Critics Rating:3.5 STARS*
Cast: Tom Cruise, Emily Blunt
Produced:Erwin Stoff, Tom Lassally, Jeffrey Silver, Gregory Jacobs, Jason Hoffs
Dystopian universes and invading species seem the flavour of the season, at least from the Hollywood line-up that finds itself on shore here. Edge of Tomorrow is basically a Pacific Rim meets Source Code concept, which more than delivers on its promises.
Planet Earth is on the brink of abject doom, thanks to a vicious alien race. Major William Cage (Tom Cruise) is a brash, former advertising executive, who can sell the triumphs of meritorious super soldiers like Rita Vrataski (Emily Blunt) with his winning smile. A handy skill, but not something that moves General Brigham (Brendan Gleeson) who insists that the battle-shy (an understatement) officer go to the frontlines of the war, a camera crew in town.
After an unsuccessful attempt to weasel out of it, Cage is stranded at the Forward Operating Base in Heathrow with fabricated papers on his past branding him a deserter. With no choice and zero battle experience, the Major is thrown into the conflict vis-à-vis a Normandy-esque landing. It takes a couple of untimely demises on the front to make him realise that the fateful day plays out in a loop, resetting each time he dies. Cage needs to get his act together and enlist the support of the formidable Vrataski in order to save the day.
Edge of Tomorrow is adapted from the Japanese young adult novel All You Need Is Kill by Hiroshi Sakurazaka, which takes the basic premise of the hostile aliens, the lethal battle jackets and the United Defence Force, but does away with the lengthy backstory on the extraterrestrial beings and a grimmer climax. This is the cleaner, Hollywood-ised version that packs quite an incredible punch in action scenes and slips in little interpersonal nuances.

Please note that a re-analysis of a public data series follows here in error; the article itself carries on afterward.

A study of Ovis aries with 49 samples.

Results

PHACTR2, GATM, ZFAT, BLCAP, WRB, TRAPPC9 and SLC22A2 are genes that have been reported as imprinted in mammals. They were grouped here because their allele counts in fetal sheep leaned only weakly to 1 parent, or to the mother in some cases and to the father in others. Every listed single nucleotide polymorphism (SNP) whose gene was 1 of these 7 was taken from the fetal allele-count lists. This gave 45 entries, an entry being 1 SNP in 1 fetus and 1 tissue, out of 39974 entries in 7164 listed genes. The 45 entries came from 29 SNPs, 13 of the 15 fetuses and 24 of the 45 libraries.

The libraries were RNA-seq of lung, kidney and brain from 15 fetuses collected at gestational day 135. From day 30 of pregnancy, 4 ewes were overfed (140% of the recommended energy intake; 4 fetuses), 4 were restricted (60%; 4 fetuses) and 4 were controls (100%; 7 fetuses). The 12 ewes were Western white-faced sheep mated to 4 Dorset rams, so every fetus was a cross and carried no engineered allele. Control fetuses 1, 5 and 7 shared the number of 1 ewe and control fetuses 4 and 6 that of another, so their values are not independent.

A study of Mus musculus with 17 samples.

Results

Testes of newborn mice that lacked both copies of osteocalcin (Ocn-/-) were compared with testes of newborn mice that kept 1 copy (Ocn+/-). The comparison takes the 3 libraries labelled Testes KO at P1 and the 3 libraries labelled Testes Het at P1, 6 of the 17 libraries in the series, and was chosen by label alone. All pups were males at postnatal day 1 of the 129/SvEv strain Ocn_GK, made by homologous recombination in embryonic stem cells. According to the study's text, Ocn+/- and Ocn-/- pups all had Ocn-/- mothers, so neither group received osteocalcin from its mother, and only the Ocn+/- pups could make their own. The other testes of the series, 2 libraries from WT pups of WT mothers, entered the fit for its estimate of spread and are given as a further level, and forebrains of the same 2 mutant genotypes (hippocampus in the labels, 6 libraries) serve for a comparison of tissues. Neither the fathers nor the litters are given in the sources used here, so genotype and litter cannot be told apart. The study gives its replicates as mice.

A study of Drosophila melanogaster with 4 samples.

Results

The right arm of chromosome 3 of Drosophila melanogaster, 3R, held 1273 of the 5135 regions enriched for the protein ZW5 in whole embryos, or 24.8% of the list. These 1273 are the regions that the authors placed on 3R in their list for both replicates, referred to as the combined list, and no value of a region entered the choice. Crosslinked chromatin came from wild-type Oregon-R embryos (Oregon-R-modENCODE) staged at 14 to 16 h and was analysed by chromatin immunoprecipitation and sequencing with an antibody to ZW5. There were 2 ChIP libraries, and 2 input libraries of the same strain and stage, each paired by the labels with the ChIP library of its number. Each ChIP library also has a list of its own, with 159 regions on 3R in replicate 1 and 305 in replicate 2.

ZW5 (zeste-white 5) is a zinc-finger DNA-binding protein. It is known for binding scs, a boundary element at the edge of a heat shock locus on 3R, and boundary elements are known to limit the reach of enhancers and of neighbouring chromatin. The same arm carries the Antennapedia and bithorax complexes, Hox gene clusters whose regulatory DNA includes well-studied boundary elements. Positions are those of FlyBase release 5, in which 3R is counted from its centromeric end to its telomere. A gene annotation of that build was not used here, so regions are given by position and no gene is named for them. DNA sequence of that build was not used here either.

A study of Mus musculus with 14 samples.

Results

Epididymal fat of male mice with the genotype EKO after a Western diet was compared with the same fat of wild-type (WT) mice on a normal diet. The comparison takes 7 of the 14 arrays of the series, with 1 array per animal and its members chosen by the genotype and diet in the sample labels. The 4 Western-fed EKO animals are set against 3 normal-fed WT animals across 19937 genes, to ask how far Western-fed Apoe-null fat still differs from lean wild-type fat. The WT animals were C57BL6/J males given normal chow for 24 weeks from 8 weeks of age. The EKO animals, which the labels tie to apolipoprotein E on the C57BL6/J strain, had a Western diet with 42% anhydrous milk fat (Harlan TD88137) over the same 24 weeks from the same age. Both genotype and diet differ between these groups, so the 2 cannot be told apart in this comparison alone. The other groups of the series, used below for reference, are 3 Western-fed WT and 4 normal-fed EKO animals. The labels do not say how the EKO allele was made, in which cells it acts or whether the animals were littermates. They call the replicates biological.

Tom Cruise and Emily Blunt are visibly in top form, having trained and executed their own stunts. The 3-D is used slightly better effect than usual and would make for great viewing on an IMAX screen.
The biggest plus is the pacing in the story, which is unhindered by the consistent loop that Cage has to plunge into. There are scenes that introduce a repetition in pattern and other off-tangent bits that will hold your interest since they provide alternate scenarios of the same day.
Edge of Tomorrow has an unrelenting pace. While the audience may understand the rhythm and grind of Cage’s day on constant replay, there are still edge-of-the-seat moments that up the ante. The climactic duel is heart-pounding and the final note on which the film ends may seem abrupt to certain viewers but fits in with the theme of the film. Plus, it’s more hopeful than the end of the source material.
Edge of Tomorrow is a welcome addition to the list of summer blockbusters and in the imagination of the audience members who have another sci-fi film to replay in their heads long after the lights have brightened and John Newman’s ‘Love Me Again’ has faded from the end credits. They should probably launch a video game spin-off soon.